The post-1980s generation is becoming the backbone of the Chinese economy, not only because of the growing contribution they make in the workplace, but also the money they spend online, new research shows.
Those aged between 26 and 35 referred to as Generation Y, have established themselves as the powerhouse of China’s increasingly consumption-driven economy, said the study, jointly produced by online shopping platform Taobao and CBNData, the business data research center attached to financial news outlet China Business Network.
The report showed those aged below 28 contributed 40 percent of the transactions on Taobao, which is owned by e-commerce giant Alibaba Group Holding Ltd, and the proportion is rising.
Xia Ji, Taobao’s marketing director, said “getting younger” is a key theme within Chinese online shopping, and that even senior citizens are buying more products, “that can make them look younger”.
Statistics from Taobao, which reported online transactions worth more than 1 trillion yuan ($155.9 billion) in 2014, showed that online sales of perfume, hair care products and outdoor sports gear have witnessed particularly rapid growth, including those aged between 50 and 70.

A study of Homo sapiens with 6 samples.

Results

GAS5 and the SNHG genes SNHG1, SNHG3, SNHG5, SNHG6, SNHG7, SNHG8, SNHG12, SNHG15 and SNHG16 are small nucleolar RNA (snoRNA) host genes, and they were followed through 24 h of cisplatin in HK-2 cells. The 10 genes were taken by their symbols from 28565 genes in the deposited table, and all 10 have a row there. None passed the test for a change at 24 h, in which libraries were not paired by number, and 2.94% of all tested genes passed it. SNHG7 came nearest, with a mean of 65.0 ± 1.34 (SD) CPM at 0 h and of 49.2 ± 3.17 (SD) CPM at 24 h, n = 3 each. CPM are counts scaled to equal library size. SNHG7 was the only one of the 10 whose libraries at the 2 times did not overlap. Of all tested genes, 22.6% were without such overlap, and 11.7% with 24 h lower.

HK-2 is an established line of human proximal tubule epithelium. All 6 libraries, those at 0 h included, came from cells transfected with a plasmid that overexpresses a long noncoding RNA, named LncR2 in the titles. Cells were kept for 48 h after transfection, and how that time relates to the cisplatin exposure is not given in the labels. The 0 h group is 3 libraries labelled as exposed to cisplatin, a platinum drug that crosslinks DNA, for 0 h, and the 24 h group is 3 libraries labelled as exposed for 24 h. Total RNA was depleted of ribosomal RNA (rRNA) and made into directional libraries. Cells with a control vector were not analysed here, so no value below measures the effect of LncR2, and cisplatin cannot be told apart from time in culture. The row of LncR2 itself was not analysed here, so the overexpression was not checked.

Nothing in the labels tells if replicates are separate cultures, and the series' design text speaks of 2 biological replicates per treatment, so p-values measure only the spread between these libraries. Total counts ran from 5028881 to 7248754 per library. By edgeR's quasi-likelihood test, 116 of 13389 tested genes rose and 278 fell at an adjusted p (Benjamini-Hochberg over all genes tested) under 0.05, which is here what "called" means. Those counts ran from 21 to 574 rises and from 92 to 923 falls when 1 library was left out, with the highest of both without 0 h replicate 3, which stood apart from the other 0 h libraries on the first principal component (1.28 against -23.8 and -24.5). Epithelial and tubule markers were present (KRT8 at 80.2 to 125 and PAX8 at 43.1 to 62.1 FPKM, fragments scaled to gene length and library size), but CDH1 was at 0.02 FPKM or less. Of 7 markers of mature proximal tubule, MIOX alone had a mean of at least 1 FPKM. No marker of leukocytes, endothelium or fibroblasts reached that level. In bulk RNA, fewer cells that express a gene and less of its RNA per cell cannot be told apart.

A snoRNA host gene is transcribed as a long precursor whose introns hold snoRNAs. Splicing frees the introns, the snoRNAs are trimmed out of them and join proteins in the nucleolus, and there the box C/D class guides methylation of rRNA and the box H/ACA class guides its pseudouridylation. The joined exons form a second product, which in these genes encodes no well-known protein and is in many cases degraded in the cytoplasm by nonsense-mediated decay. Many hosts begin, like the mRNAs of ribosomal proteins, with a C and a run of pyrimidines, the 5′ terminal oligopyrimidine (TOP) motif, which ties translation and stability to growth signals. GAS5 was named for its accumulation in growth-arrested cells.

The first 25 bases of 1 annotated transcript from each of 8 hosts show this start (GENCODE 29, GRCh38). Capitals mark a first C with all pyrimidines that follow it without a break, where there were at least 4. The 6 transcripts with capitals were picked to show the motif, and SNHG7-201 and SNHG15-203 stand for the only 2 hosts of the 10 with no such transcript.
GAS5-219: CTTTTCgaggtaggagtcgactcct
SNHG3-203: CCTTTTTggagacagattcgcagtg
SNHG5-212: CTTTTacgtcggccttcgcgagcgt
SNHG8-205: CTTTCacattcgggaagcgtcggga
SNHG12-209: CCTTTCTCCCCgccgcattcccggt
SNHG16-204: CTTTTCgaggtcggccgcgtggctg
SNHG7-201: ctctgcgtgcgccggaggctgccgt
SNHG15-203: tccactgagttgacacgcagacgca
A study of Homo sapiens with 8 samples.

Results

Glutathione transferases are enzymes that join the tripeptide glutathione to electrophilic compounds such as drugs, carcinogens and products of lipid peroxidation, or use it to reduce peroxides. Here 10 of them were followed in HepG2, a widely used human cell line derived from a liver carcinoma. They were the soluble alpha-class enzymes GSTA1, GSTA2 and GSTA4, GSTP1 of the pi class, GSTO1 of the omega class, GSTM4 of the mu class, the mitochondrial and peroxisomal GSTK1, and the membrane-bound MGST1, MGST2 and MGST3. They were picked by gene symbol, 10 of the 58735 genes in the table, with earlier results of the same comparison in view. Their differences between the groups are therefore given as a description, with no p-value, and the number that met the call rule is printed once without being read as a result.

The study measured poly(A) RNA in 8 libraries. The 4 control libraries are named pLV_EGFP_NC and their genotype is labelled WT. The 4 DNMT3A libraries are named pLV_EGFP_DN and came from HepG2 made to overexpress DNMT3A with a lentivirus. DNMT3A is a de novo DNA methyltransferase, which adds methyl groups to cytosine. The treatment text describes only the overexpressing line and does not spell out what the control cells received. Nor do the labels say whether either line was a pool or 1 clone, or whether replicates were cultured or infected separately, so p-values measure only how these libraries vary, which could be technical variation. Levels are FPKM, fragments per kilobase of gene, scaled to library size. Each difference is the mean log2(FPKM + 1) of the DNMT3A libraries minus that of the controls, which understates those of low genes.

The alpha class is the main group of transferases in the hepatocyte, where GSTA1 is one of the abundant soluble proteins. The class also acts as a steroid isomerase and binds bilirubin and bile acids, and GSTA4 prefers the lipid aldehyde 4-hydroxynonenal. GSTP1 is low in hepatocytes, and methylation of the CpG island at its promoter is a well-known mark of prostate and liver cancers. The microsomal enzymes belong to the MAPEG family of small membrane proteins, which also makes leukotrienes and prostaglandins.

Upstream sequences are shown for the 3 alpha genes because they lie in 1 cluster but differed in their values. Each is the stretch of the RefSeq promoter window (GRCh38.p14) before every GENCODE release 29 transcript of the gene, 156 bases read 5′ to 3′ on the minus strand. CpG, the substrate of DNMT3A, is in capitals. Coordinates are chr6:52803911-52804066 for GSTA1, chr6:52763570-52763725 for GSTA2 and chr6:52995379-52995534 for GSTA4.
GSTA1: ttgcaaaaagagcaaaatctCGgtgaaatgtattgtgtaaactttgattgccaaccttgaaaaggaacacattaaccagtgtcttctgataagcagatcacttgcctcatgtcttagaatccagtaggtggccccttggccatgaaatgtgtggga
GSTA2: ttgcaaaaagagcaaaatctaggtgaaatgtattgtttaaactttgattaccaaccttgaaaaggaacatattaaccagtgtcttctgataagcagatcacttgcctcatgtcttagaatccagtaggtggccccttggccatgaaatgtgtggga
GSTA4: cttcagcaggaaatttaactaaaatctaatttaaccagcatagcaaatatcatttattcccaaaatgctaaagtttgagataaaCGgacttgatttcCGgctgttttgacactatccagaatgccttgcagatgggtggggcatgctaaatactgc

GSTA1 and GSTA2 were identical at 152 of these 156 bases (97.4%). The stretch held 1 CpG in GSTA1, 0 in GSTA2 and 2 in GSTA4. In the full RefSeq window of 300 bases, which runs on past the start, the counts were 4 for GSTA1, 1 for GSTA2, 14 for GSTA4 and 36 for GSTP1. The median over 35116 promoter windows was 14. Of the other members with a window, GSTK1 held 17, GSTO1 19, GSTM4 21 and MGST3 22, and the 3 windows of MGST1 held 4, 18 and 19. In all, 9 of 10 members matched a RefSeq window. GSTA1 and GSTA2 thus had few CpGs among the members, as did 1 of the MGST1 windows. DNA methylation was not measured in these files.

But it’s still the post-’80 and post-’90 generations who dominate the online shopping landscape.
Overall, the post-’80s spent the most online, while the post-’70s remained the biggest spenders in terms of the average amount on each online orders, preferring to buy pricier big-ticket items such as home appliances, furniture and even wealth management products.
The report is the first piece of research from CBNData since Alibaba invested this summer in China Business Network, which has been seen as its attempt to build the Chinese version of Bloomberg to provide financial news and data analysis service.
Huang Lei, the head of CBNData, said that by digging into Taobao’s vast customer database, his company can provide valuable information to decision-makers, such as online shopping behavior and preferences on products by each age group.
According to the research, the post-’70s tend to shop online around midday, most post-’80s place their orders in the morning or late afternoon, while 13 percent of the orders placed by the post-’90 generation are between 8 pm and 10 pm.
Chen Xiaonv, a 30-year-old white-collar worker, told China Daily she now buys more products online than offline.
“Apart from clothes and consumer electronics for myself, I buy a lot for my parents online too,” she said, describing her annual spending on Taobao as “shockingly high”.